Biodiversity Research Seminar Series (BRS)
BRS Detlef Weigel: Paranoid Plants: When Too Much Genetic Diversity Is Harmful
November 23, 2022, 12:00 pm to 1:00 pm
Zoom webinar link recording:
host: Loren Rieseberg
Title: Paranoid Plants: When Too Much Genetic Diversity Is Harmful
Detlef Weigel, Max Planck Institute for Biology Tübingen, Germany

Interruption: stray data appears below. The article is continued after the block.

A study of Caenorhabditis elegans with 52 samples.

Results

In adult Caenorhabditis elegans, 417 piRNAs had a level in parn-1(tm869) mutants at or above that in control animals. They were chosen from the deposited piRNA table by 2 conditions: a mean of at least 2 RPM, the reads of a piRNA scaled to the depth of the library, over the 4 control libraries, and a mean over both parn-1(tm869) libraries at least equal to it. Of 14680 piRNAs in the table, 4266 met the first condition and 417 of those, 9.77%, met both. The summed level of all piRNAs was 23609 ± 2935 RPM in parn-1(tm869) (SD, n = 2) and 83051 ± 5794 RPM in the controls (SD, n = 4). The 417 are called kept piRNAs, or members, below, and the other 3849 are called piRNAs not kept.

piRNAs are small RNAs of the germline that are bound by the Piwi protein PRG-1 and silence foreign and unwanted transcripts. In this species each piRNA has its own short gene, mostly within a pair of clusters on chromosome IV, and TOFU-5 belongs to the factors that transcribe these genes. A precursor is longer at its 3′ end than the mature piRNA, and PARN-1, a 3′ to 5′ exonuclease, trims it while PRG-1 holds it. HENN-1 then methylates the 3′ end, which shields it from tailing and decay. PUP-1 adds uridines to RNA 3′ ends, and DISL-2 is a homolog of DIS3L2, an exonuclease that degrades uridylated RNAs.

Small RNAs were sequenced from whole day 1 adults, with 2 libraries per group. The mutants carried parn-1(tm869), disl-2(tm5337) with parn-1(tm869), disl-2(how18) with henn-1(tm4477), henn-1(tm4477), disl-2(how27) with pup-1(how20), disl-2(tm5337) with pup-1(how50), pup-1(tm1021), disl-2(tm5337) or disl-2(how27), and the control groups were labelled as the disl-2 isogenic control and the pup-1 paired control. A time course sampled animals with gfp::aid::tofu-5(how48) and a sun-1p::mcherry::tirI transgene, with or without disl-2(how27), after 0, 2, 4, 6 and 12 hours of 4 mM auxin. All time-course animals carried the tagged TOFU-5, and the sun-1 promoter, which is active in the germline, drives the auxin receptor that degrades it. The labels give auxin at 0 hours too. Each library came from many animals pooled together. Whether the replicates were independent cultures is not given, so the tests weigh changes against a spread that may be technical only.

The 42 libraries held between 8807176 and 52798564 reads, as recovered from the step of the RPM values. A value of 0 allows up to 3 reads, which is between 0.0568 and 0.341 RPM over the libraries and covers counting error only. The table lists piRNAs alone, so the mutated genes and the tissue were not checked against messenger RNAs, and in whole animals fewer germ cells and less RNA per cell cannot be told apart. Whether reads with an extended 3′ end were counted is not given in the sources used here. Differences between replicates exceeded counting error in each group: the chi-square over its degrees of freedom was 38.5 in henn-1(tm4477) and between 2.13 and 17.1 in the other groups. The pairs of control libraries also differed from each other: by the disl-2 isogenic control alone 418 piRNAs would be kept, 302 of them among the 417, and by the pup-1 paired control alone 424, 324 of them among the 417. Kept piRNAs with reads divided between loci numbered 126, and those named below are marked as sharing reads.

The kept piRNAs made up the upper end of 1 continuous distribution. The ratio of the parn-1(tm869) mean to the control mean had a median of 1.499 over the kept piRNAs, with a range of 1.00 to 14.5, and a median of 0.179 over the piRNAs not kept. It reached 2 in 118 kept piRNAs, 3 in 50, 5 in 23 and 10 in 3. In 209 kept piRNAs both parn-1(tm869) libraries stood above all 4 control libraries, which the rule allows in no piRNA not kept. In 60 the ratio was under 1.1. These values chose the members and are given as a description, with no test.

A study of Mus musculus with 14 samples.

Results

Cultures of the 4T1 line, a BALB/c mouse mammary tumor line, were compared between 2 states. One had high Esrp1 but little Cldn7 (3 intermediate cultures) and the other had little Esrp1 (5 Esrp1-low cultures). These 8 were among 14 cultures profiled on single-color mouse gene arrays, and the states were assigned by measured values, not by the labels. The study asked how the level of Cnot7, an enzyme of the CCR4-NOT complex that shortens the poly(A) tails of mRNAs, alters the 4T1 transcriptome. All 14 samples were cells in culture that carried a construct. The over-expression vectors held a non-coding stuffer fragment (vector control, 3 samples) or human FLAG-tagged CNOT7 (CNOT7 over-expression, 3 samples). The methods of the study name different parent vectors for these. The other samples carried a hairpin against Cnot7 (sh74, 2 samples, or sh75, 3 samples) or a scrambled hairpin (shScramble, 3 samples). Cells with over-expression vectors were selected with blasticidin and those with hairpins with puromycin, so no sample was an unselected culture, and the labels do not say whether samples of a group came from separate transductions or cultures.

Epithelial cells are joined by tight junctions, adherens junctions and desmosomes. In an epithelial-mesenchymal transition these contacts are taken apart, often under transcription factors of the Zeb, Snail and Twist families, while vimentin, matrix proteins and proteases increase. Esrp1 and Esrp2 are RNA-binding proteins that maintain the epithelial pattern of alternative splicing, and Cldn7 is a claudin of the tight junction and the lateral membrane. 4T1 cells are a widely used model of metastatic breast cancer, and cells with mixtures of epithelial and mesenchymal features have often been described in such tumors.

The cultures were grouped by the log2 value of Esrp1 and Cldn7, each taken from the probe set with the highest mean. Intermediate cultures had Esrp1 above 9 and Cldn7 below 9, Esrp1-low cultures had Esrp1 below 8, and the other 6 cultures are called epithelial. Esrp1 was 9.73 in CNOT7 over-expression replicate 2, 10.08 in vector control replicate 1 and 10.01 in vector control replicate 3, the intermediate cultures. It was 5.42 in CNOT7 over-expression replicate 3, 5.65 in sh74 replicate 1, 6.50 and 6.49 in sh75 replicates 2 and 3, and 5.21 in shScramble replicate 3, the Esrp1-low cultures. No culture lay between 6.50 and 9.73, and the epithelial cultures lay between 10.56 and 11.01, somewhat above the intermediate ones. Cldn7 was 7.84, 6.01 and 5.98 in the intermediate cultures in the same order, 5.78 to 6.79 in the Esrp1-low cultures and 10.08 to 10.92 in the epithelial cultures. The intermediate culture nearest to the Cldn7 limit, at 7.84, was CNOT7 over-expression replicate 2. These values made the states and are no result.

My group is addressing fundamental questions in evolutionary biology, using both genome-first and phenotype-first approaches. A few years ago, we discovered that Arabidopsis thaliana is a great model for the study of hybrid necrosis. This widespread syndrome of hybrid failure in plants is caused by plant paranoia – regardless of the presence of enemies, plants “think” they are being attacked by pathogens. The consequence is autoimmunity, which can be extreme enough to kill plants before they set seeds. Over the past decade, we have studied in detail the underlying genetics, finding that often only one or two loci are involved, with most of them encoding NLR immune receptors. The NLR gene family is the most variable gene family in plants, and it is thus not surprising that they are often involved in genome-genome conflict, with alleles at one locus greatly changing the activity of alleles at another locus. Similarly, we have found that autoimmunity due to allelic variation at the ACD6 locus, which probably encodes a channel, is modulated by a slew of extragenic suppressors. I will describe what we have learned and how our unique angle on studying the plant immune system has led to insights that were not obtained with conventional laboratory genetics. Additional information about our work can be found on our website http://weigelworld.org.